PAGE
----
Media Matters

* R.I. P., Newseum.

Sad, but hardly surprising, to see that Washington’s Newseum, a private museum dedicated toexploring modern history through the eyes of journalists, has closed. It was always a challenge from its recession-era 2008 debut as a private institution–and the Pennsylvania Avenue real estate was too prime. But the timing couldn’t be worse. In the epoch of social media manipulation and mainstream media demonization as “fake news” and “enemy of the people,” the need for highlighting journalism as an indispensible bulwark of democratic society has never been more acute. 

* CNN’s Sunday “State of the Union” featured the identically surnamed Republican senator from Louisiana, John Kennedy, and the Democratic representative from Massachusetts, Joe Kennedy III. Too bad they don’t have more in common.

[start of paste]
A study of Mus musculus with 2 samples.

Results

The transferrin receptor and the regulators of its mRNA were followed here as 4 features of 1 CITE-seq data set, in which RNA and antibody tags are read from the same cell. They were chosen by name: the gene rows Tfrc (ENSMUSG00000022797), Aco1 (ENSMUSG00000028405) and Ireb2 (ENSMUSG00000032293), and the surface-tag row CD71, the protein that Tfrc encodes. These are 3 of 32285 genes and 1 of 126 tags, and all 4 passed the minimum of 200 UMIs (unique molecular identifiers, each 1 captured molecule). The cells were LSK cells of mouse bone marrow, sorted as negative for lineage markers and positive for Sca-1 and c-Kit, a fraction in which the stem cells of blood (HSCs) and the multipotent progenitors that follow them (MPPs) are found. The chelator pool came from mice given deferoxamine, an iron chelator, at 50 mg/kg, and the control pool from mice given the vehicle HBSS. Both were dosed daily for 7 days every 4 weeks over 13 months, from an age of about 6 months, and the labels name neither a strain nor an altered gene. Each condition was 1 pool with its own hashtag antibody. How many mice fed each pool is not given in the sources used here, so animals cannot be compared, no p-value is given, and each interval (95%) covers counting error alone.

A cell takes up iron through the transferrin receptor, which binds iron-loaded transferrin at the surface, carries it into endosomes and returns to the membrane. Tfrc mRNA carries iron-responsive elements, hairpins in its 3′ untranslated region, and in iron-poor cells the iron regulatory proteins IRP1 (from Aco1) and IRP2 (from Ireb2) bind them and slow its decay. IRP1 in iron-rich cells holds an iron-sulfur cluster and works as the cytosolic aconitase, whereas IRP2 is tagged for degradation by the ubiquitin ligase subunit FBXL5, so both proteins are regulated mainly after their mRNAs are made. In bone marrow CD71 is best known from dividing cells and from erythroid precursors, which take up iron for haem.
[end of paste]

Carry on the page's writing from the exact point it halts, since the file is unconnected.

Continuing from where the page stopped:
* “I talk to millions of people every day. I just like it when they can’t talk back.”–The late disc jockey/radio personality Don Imus.

* Remember when movies were escape? And has there ever been a more compelling time for doing just that? But “Bombshell” is not escape; it’s a reminder of what we’re trying to escape from. And Foxy anchors are not exactly “Me Too” avatars. And then there’s “The Hidden Life.” Anything with a Nazi theme and group think can’t help but carry contemporary overtones. But both are worth seeing, if not sanctuaries from you know what.

* Speaking of movies, “The Two Popes,” regardless of your religion, is also worth catching. It’s  dialogue centric, which means it would also play well as a play. As opposed to “The Irishman,” which could have addressed its editing issues by eliminating tedious dialogue among mobsters.